Grocery Bag Giveaway: A New Model for Addressing Food Insecurity
In pre-pandemic times, the GLIDE building was the hub of the Grocery Bag Giveaway. It was an awe-inspiring event that drew thousands of community members to the doors of GLIDE as we gave out bags of holiday meals. Lines began forming in the early hours of the morning and wound through the Tenderloin streets for blocks on end. Similar long lines today would far exceed today’s pandemic safety protocols. The Grocery Bag Giveaway had to pivot its operations. But by reimagining GLIDE’s service model to focus on mobility, we ended up reaching more people than ever before.
Simply put – poverty in San Francisco has expanded and so has the need for GLIDE’s services in other parts of the city. Food insecurity affects one in four San Franciscans, a statistic that is overrepresented by communities of color and continues to grow during the pandemic. Two years ago, GLIDE gave away 4,000 grocery bags onsite and across the city for the Grocery Bag Giveaway. The increased amount this year – 5,500 – is because the need has grown substantially. Through collaborations with an extensive network of partner organizations, we were able to connect with new neighborhoods and people who need support but are not able to make it to GLIDE on Ellis Street.
The focus for the 2021 Grocery Bag Giveaway was to reach communities that have been hardest hit by the pandemic in neighborhoods such as Bayview Hunter’s Point, Chinatown, Western Addition and the Ocean View-Merced-Ingleside (OMI) areas. One new community partnership in Japantown for this event honored a historic bond with GLIDE Co-Founder, Janice Mirikitani, who passed away recently. 50 years ago, Janice helped her friends, Sandy Mori and Steve Navajo, in creating the Japantown nonprofit, Kimochi. The organization serves the Issei, or first generation Japanese Americans. “Jan, who was a Sansei, or third generation Japanese American, supported our efforts to create a nonprofit with bilingual and bicultural staff to serve the Issei, like her grandmother,” Sandy explains. “So, Kimochi has a 50-year relationship with Glide!” In total, GLIDE partnered with 19 organizations to distribute bags at 22 locations across the city.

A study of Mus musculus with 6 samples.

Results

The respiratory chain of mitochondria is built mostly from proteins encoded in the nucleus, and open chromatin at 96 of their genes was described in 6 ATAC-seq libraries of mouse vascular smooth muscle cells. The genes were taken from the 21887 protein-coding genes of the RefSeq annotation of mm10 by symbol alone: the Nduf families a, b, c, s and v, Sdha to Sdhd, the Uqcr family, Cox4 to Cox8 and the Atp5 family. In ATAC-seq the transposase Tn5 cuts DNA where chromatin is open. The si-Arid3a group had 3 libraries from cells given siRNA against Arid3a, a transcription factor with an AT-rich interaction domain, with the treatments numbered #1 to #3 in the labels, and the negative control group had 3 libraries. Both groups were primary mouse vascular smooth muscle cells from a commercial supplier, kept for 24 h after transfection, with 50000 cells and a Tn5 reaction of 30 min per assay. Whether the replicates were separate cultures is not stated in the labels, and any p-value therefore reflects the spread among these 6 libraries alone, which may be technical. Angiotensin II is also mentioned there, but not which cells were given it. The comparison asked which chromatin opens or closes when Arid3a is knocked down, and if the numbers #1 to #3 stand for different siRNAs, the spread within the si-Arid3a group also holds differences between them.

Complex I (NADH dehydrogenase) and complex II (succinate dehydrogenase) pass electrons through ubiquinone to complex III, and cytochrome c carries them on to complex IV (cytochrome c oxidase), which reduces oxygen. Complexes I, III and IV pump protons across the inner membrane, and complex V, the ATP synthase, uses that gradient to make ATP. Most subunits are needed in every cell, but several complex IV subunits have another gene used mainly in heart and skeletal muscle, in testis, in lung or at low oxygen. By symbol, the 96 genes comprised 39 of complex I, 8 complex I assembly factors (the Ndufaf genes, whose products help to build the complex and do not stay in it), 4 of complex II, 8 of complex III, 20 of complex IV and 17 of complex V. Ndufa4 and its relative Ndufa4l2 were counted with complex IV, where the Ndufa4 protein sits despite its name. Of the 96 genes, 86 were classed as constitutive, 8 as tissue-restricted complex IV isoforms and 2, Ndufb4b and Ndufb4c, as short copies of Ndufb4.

At GLIDE, addressing food insecurity is more than making sure our communities have enough to eat – It’s about making sure people have access to food that has cultural value. GLIDE distributed two types of grocery bags this year – a ‘traditional’ bag with turkey, mashed potatoes, cranberry sauce, gravy, stuffing, oranges, and a bag that serves our Asian communities, with chicken, rice, tofu, oranges, and dinner rolls. The chicken bag has become the overwhelming favorite – 3,900 whole chickens were distributed this year, compared with 1,600 turkeys!
As the Grocery Bag Giveaway concluded in early December, it was clear that GLIDE is entering a new era of mobile services so that we can address expanding need and widespread systemic shortfalls. Follow along with us in the new year as we continue to evolve and reimagine the ways that we provide lifechanging support to those who need it most in San Francisco.